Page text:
On 23 December 2022, the Department for Levelling Up, Housing and Communities ("DLUHC") announced a new consultation seeking views on proposed amendments to Building Regulations Approved Document B ("ADB"). The proposed amendments to ADB are potentially very significant for the construction industry and the key proposed amendments are set out below.
Second staircase in residential buildings over 30m in height
Currently ADB does not set a threshold above which more than one staircase is advised in high-rise residential buildings. This has resulted in concerns that some high-rise residential buildings do not have the necessary resilience, or appropriate safety levels, in emergencies and the National Fire Chiefs Council has proposed that a second staircase should be mandated in all high-rise residential buildings over 18 meters in height.
The consultation acknowledges that a second staircase in high-rise residential buildings could reduce conflict between emergency responders and those trying to escape, and provide an alternative exit route should one become filled with smoke. However, the consultation proposes a threshold of 30 metres as the maximum height for using a single staircase in new residential buildings – with any buildings above this threshold requiring a second staircase. The threshold of 30 metres is proposed (rather than the 18 meters requested by the National Fire Chiefs Council) on the basis that this is an established trigger for enhanced fire resistance provisions in buildings guidance more generally.
In respect of this proposal, the Government propose a “very short” transition period to ensure that existing schemes can complete and avoid the possibility of others bypassing the new requirement.
Requirement for sprinklers in all new care homes
Currently there is no overarching requirement in ADB for sprinklers in care homes. However, care homes with sprinklers benefit from certain allowances in ADB, such as relaxed fire door requirements and increased bed allowances in certain circumstances.
Responses to the Government’s 2018 and 2019 calls for evidence on the technical review of ADB highlighted the benefits of sprinklers in care homes, notably to residents and staff wellbeing in addition to the protection of property and avoidance of damage.
Following the Government’s review, it has concluded that the requirement of sprinklers “will deliver life, health and property benefits and provide visible reassurance that the new care home is safe for occupants, owners and other interested parties such as relatives and care providers”. Accordingly, the Government propose a mandatory requirement for all new care homes, irrespective of height, to have sprinklers installed. However, this proposal would not extend to existing care homes due to concerns over the practicality of retrofitting sprinkler systems within existing buildings.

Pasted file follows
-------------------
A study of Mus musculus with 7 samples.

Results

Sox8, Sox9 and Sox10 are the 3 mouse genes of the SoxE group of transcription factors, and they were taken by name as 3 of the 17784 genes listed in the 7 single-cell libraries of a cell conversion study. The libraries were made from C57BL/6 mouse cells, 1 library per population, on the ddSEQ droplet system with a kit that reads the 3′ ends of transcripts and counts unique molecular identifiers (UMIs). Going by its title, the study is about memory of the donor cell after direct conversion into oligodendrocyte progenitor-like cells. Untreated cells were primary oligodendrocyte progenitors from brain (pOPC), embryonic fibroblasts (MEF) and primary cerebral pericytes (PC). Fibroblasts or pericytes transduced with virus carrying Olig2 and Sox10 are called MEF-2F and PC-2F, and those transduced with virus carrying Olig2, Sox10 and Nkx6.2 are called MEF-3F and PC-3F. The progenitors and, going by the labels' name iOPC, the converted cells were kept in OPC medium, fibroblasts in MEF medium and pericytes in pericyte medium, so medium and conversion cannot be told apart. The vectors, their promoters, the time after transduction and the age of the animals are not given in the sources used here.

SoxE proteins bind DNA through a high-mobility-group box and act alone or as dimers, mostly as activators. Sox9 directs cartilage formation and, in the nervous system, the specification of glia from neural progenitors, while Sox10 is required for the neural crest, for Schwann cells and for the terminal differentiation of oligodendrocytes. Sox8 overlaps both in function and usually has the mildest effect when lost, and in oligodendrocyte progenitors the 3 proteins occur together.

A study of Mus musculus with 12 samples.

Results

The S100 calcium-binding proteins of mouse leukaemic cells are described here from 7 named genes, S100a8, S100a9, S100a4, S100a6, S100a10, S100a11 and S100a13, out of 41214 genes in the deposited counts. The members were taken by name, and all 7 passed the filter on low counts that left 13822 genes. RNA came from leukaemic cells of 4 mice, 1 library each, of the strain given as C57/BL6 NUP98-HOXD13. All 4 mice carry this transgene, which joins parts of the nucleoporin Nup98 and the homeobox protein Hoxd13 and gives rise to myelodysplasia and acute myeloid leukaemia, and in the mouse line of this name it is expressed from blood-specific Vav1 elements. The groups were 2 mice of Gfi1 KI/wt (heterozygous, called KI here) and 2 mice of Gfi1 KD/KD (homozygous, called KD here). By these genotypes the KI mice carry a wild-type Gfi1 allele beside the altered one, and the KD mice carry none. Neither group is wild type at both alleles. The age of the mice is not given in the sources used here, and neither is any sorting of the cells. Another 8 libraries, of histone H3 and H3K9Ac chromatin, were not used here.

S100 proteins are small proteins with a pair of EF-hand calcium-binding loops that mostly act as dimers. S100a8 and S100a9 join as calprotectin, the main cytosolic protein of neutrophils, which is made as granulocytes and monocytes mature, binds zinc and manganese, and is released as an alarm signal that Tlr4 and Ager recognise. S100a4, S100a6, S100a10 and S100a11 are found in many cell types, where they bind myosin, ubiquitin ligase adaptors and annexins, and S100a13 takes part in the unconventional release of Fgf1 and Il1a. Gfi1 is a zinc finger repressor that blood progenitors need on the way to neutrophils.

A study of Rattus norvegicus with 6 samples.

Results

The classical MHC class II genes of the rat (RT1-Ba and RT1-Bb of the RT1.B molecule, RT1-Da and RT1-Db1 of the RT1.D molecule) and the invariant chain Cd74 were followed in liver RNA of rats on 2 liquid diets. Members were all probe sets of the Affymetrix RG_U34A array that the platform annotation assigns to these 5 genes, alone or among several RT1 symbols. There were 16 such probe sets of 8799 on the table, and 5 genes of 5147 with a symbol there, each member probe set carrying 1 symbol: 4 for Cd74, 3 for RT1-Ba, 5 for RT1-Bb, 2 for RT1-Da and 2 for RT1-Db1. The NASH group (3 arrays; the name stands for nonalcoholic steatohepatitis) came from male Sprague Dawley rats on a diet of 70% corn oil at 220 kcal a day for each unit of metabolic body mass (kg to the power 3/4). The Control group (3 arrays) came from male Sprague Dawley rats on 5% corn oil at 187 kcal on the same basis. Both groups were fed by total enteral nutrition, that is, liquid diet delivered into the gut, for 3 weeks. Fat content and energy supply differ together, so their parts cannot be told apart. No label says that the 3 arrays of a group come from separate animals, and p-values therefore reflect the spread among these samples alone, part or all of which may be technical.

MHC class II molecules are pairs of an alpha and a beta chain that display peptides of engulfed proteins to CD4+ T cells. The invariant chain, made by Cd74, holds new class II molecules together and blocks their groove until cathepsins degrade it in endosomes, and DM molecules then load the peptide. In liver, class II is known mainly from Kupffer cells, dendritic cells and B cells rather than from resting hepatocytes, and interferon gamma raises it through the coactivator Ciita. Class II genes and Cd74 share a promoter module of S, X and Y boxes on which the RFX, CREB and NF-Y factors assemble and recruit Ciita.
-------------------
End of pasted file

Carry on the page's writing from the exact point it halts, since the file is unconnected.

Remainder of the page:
The Government propose a transitional period of 6 months before this requirement is implemented to allow the construction industry time to adapt.
Removing references to the national classifications (BS 476)
The majority of guidance in ADB is currently structured by reference to performance classifications set out in either British Standards, such as BS 476, or British versions of European standards.
Following an assessment of the impact on the industry, the Government found that most construction products sold in the UK are tested to the relevant European (or other international) standards. The Government call for evidence also identified a number of concerns over the use of national classification standards (as highlighted in the Grenfell Tower Inquiry).
As such, in addition to the previous removal of reference to national classifications from the main body of ADB, the Government propose to remove all reference to BS 476 with ADB. To limit the impact on the construction industry, this proposal is proposed to be implement with a 12-month transition period.
Call for evidence in relation to materials and products
The provisions in historic versions of ADB relating to the combustibility of insulation materials, and other products, used in external wall systems received sustained criticism during the Grenfell Tower inquiry for their lack of clarity. Following, Government is seeking views on how to improve the clarity of the guidance in paragraphs 10.6 and 10.7 of ADB, as well as views from the construction industry on what materials and products should be covered within these provisions.
Burges Salmon Comment
This consultation evidences a continued drive by the Government’s to try and improve building safety, building on other developments such as the enactment of the Building Safety Act 2022 and the implementation of supporting secondary legislation, with the DLUHC commenting that these proposals will ensure the Building Regulations “are as clear and effective as possible”.
However, the proposed amendments to ADB are likely to have significant implications for the construction industry, both in terms of restrictions on the overall design of a scheme and/or the use of certain materials and products, and these restrictions could adversely impact on the financial viability of certain projects. We therefore recommend that all parties who may be affected by the proposals engage with the consultation, and provide their views, before it closes on 17 March 2023.
A link to the consultation can be found here.
This article was written by Tom Weld, Kayla Urbanski and Isabel Rawlings.